Posted on 14 Sep 2009
U.S. President Barack Obama in a speech in New York at Federal Hall on Wall Street is calling on Congress to approve an overhaul of the US regulatory regime. The speech marks the one year since the collapse of Lehman Brothers bank.
The President is focusing on "the need to take the next series of steps" in regulatory reform, White House spokesman Robert Gibbs said.
The White House would give the central bank, the Federal Reserve, new powers over huge financial firms and the ability to seize banks whose collapse could threaten the economy.
Those and other rules that have been proposed have been tied up in Congress, which has been bogged down with Obama's divisive healthcare reform proposals.
Obama also wants a new watchdog, the Consumer Financial Protection Agency, for products like mortgages, car loans and credit cards and the Federal Trade Commission will gain new powers to protect consumers.
That, and more powers for the Securities and Exchange Commission, has also faced opposition from the banking industry.
"I'm very pessimistic that we will do enough," said Nobel award-winning economist Joseph Stiglitz.
"If you listen to the discussion, you see the push-back from the financial sector," he added. "In American democracy, money talks. We have five lobbyists for every Congressman in the financial industry."
Verge of collapse
The White House has said its massive $787bn stimulus package, known as the American Recovery and Reinvestment Act, passed earlier this year, has created up to 1.1m jobs and boosted economic activity.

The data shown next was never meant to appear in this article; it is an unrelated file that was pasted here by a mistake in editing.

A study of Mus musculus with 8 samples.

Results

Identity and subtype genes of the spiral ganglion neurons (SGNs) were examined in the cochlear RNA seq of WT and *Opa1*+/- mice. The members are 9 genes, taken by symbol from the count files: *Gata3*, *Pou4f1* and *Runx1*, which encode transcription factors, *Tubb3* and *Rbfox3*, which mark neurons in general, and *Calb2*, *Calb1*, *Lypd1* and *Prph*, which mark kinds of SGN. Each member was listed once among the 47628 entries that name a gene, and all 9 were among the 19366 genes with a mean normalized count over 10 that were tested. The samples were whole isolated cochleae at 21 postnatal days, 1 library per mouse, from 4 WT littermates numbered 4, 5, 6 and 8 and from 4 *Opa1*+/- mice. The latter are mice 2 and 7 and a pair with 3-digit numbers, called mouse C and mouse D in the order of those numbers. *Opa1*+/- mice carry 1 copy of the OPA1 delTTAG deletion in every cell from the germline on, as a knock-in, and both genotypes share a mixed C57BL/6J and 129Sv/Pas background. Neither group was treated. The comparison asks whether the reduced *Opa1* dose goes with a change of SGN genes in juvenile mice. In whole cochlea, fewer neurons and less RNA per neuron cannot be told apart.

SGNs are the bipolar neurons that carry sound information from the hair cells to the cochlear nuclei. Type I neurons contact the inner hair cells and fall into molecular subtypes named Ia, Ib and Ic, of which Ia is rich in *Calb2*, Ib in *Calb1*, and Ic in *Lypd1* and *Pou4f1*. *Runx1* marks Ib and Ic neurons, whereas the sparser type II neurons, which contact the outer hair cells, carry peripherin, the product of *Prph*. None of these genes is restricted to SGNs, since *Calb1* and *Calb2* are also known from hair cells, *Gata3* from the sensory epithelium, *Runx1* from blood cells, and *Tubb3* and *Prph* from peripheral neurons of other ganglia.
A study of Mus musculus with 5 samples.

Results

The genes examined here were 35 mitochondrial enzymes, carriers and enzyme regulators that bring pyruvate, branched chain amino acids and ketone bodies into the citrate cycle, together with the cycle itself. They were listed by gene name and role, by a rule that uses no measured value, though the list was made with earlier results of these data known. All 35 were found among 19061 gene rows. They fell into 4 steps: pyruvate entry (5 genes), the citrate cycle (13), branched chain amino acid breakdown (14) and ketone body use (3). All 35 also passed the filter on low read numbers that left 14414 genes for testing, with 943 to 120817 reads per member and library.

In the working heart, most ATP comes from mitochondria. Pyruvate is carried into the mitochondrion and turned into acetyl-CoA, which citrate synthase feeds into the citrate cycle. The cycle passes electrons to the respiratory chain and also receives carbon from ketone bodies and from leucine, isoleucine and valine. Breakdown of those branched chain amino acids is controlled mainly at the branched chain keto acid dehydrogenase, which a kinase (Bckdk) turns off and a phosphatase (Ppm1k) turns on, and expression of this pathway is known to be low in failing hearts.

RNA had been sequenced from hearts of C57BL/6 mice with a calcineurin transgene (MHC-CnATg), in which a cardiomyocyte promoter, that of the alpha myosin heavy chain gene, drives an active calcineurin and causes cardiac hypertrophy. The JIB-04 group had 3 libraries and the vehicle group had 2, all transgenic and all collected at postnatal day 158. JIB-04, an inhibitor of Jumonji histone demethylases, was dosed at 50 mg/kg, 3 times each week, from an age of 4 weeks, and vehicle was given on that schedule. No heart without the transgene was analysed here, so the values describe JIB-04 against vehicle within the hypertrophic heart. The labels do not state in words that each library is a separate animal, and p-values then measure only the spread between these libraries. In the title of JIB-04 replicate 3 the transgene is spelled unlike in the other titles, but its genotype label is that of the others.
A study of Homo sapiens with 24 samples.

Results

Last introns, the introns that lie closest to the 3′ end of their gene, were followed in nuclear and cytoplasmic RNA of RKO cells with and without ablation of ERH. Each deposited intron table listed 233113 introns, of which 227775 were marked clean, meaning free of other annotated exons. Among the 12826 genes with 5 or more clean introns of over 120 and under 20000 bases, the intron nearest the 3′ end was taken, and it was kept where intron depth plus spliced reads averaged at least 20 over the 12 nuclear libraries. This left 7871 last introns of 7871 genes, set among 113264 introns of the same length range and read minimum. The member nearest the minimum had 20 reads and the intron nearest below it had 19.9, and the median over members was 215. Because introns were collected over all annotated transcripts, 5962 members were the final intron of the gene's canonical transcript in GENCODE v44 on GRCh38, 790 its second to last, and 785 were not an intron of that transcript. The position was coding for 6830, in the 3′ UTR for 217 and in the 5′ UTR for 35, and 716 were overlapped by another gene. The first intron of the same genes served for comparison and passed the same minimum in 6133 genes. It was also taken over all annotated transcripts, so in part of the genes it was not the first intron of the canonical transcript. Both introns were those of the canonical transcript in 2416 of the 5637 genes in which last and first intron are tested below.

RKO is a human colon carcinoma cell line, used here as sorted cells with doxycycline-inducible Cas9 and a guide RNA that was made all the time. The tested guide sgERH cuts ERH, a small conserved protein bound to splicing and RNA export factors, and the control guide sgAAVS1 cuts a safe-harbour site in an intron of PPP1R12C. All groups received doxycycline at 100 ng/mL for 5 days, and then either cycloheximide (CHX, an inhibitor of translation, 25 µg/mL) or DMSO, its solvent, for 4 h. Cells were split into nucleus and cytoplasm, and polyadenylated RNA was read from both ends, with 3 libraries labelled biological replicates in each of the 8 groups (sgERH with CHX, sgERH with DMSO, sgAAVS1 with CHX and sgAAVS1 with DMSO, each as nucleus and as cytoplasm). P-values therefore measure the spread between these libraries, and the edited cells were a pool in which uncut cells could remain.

"When I walked in, the banking system, the financial system was under the verge of collapse," President Obama said on Sunday in an interview on the 60 Minutes television show.
"The reason we did so was that every credible Democratic and Republican economist at the time when we came in said if we don't have a stimulus of some sort, then this is potentially going to get a lot worse," he said.
The White House has said it boosted US GDP by 2-3% between April and June.
Recent data has suggested that the US is starting to recover, just as other countries such as Japan and Germany have left recession.
Many economists believe that the US will return to positive economic growth in the June-September quarter.
"When the president was elected and in transition, the issue... was whether recession would become depression," said Lawrence Summers, head of the Obama administration's National Economic Council.
"Today, the question is when the recession phase will end. That is not, in our judgement, an accident."
"We are making a clear transition from rescue as the priority of public policy to sustained recovery," he added.
The collapse of US investment bank Lehman Brothers, soon after troubled rival Bear Sterns was sold with Federal Reserve intervention, marked the start of a near-total collapse of the financial system that required unprecedented global intervention to keep it solvent.